Illegal shellfish gang walks free


By Michael MacLeod

OVER 100kg of illegally caught shellfish destined for Edinburgh restaurants has been seized.

Police on routine patrol caught a gang with five bags of contaminated periwinkles, ready to be sold on the black market to the capital’s top eateries.

The snail-like animals could have seen the six men involved make hundreds of pounds.

But they walked free after handing over the live shellfish last Thursday, telling cops they didn’t know they’d broken the law.

But if caught a second time, the harvesters each face a £5000 fine and six months’ imprisonment.

Restaurant-goers could have fallen ill had they eaten the periwinkles, which were harvested in the polluted River Forth.

Edinburgh city council’s environment leader Robert Aldridge said: “We have managed to prevent this potentially contaminated shellfish from ending up on unsuspecting consumers’ plates.

“This should serve as a strong warning that we will not hesitate to take swift action against those who illegally harvest shellfish for commercial purposes.”

The police and council are now investigating further reports of several illegal harvests on the shore between Cramond and Joppa.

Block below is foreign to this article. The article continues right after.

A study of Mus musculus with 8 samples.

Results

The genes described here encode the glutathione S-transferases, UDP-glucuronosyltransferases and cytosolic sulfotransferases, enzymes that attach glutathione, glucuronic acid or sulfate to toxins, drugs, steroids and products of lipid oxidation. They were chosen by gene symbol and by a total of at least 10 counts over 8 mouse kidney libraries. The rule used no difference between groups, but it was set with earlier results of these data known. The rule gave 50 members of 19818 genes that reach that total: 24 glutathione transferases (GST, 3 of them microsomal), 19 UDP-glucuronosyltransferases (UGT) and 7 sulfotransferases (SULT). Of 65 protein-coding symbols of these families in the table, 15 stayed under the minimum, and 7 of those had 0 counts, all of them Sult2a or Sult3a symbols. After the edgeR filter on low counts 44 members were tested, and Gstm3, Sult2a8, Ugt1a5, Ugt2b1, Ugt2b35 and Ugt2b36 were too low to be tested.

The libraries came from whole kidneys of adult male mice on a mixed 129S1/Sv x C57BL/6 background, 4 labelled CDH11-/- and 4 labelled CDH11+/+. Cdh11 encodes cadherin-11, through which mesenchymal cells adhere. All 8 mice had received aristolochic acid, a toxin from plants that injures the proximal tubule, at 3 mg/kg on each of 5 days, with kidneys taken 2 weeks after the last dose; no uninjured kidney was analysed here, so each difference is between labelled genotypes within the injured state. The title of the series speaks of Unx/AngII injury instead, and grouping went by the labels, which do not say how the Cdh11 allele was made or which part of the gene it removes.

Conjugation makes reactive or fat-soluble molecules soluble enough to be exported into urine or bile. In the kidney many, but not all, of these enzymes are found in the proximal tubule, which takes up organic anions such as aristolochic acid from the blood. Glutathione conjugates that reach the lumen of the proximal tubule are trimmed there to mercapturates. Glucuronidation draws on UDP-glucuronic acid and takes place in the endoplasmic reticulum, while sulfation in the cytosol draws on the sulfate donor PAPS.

A Chinese gang were arrested in the Forth in 2003 after reports that hundreds of sacks of cockles were being swiped from Cramond Island and loaded into vans on the beach.

They ignored warning signs on the beach, which say cockles are contaminated, unfit for eating and protected by law.

PC Steve Neill, from Lothian and Borders Police said: “This has been a problem affecting coastal locations around the country in recent months, so we are pleased we’ve managed to stop illegal shellfish being harvested in the foreshore of Edinburgh before there was any risk to the public.

“We will remain vigilant with regards to this activity, and anyone caught breaking the law will be dealt with robustly.”

A spokesman for the Food Standards Agency said: “There’s no prohibition on casual gathering of shellfish for your own personal consumption.

“But if people are harvesting them and selling them on, then they have to conform to food safety laws.

“There are concerns these could potentially have been harmful to health.

“In this case Edinburgh City Council took appropriate measures to prevent the illegal harvesting and sale of periwinkles and this action is fully supported by the FSA.”